Books: The Wonderful Wizard of Oz

Lately I’ve been writing just a paragraph about each book I read, in a monthly summary. But as I wrote a draft of the paragraph for the book I just finished today, it got way too long for a paragraph, and I decided it might as well have a blog post of its own.

I was initially thinking of reading The Wonderful Wizard of Oz for “a book that makes you nostalgic” (for the PopSugar 2019 Reading Challenge), since I remember how asd a child I enjoyed reading the Oz books by L. Frank Baum, not only this first one but several of the others he wrote (my favorite has always been The Marvelous Land of Oz.) But then I saw this book as a suggestion for “a book that has inspired a common phrase or idiom (e.g. Big Brother from 1984),” which is a more challenging category. I wasn’t interesting in re-reading 1984 or Catch-22 or some of the other suggestions, but as I was going to read this one anyway, I decided it would be a good choice for this category.

I had seen the movie adaptation of the story, The Wizard of Oz, a few times as a child, when it was shown on TV, though after the first time I preferred to leave the room when it got to the part with the flying monkeys and the Wicked Witch and the hourglass, which I found considerably scarier than the book (there are flying monkeys in the book but they treat Dorothy well because she bears the mark of the Good Witch of the North on her forehead, and the whole thing with the hourglass was invented for the movie).

While I read the book several times as a child, I had not read it since I grew up, while I had seen the movie several times. And after so long, I had forgotten most of the scenes that were omitted from the movie, especially the trip through the country of the Quadlings in the South to reach Glinda’s castle (in the movie, Glinda simply shows up). If you’re interested in learning some of the differences, this article lists several, and this one discusses not just the differences in details but in the characterization of Dorothy and her adventures as a whole.

Having now re-read the book, I definitely think it is better than the movie. What it doesn’t have, though, is the phrase “the man behind the curtain,” which is the “common phrase or idiom” that was the reason for suggesting this book. In the book, the Wizard is behind a screen, not a curtain, and when Toto knocks down the screen, he just stands there. And the other lines given as reasons for the book to fit this category, “I’m melting” and “there’s no place like home,” also come from the movie, not the book.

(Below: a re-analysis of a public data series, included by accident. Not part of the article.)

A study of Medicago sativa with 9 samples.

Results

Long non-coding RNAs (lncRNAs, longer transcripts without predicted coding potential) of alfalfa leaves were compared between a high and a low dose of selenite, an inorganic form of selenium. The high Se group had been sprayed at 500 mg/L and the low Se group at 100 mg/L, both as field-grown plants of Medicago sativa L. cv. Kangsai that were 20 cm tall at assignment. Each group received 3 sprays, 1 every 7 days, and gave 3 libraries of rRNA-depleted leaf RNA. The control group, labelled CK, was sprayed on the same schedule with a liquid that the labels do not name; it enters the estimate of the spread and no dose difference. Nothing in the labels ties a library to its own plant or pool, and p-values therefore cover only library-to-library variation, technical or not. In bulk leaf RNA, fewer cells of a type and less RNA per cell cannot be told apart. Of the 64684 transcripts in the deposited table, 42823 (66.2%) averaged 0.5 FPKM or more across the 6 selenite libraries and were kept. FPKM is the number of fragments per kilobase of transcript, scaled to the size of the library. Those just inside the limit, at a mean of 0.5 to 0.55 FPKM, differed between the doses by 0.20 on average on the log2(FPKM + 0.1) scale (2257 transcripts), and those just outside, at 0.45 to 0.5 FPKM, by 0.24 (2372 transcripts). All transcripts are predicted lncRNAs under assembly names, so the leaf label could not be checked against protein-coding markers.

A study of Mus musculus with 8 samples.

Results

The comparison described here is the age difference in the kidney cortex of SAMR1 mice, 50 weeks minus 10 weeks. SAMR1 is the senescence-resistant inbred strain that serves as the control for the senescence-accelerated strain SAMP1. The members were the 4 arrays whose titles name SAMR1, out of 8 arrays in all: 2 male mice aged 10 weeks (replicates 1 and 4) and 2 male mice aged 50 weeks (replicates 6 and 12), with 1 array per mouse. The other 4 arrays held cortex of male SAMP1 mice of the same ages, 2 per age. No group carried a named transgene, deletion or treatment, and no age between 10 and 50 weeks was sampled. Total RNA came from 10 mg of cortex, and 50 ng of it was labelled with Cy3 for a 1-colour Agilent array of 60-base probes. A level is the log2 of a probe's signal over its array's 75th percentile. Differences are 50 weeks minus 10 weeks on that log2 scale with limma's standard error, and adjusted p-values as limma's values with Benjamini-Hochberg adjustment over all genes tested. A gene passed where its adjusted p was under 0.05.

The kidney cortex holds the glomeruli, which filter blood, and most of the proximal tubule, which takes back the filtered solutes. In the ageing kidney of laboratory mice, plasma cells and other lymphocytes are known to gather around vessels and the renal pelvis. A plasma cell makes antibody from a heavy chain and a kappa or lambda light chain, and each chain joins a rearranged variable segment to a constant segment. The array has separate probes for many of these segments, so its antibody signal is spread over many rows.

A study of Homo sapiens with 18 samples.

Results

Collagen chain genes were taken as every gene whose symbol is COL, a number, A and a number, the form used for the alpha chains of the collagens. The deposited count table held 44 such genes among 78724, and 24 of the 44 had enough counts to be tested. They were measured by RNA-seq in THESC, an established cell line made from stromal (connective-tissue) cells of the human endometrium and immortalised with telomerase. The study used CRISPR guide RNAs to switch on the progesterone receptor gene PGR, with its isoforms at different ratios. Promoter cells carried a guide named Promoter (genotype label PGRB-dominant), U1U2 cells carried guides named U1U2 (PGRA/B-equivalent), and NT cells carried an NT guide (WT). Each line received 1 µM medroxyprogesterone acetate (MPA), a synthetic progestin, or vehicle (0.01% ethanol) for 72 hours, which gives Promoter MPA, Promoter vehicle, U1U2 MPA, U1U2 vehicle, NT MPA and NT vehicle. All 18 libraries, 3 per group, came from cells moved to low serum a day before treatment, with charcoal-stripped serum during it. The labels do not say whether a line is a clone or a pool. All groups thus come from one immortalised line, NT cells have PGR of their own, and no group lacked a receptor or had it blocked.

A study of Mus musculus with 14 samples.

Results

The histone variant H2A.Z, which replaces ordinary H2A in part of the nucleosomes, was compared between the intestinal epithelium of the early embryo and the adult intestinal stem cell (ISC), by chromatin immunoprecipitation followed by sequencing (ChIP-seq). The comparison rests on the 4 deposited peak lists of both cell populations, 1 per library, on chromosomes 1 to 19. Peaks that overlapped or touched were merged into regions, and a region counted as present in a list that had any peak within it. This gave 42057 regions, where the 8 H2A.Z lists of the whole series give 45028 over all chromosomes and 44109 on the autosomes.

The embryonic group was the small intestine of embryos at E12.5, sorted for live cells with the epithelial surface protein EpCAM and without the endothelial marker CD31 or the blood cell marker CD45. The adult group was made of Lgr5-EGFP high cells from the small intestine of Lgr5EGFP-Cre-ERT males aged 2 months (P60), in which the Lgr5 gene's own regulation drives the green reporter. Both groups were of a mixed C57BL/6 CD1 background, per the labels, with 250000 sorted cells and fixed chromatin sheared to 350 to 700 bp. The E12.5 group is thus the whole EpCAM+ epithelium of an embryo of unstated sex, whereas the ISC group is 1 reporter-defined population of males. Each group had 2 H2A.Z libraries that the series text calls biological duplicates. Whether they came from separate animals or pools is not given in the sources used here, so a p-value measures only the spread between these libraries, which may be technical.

So does that mean I need to find another book for this category? I decided not. For one thing, the idea of the book prompts is to get you to read books you might not otherwise consider, and I had not thought of re-reading The Wonderful Wizard of Oz until I started working on this year’s reading challenge. Besides, “a book that has inspired a common phrase or idiom” isn’t necessarily “a book containing a phrase or idiom that has become common.” While the movie differs considerably from the book, it was undeniably inspired by the book, so the phrases in the movie were in some sense inspired by the book, even if a bit more indirectly than people who haven’t read the book might imagine.

One last note of interest: while looking at various web pages related to Oz, I noticed a map of Oz, showing the country of the Munchkins on the left and the country of the Winkies on the right. That is how I have always visualized Oz, I’m sure from seeing the map in the book I had as a child. I realized this time, while reading the book, that I had it backwards, since the Munchkins are in the east and the Winkies are in the west. I tried to reorient my thinking, but it didn’t work very well. It is just too ingrained in me that Dorothy traveled from left to right to reach first the Emerald City, then the Wicked Witch of the West. Now that I have read about how east and west came to be reversed in that map, I wonder if that is why I have had trouble my whole life remembering that west is to the left when facing north, not to the right. (I had long thought it might be because our next-door neighbors to the east when I was growing up were the Wests.) Such is the power of books on a developing mind…

One Response to Books: The Wonderful Wizard of Oz

  1. Kizzie says:

    Thanks for sharing those links about the differences between the book and the movie. They are on my list of articles to read.

    I may not comment a lot, but I do enjoy reading your posts.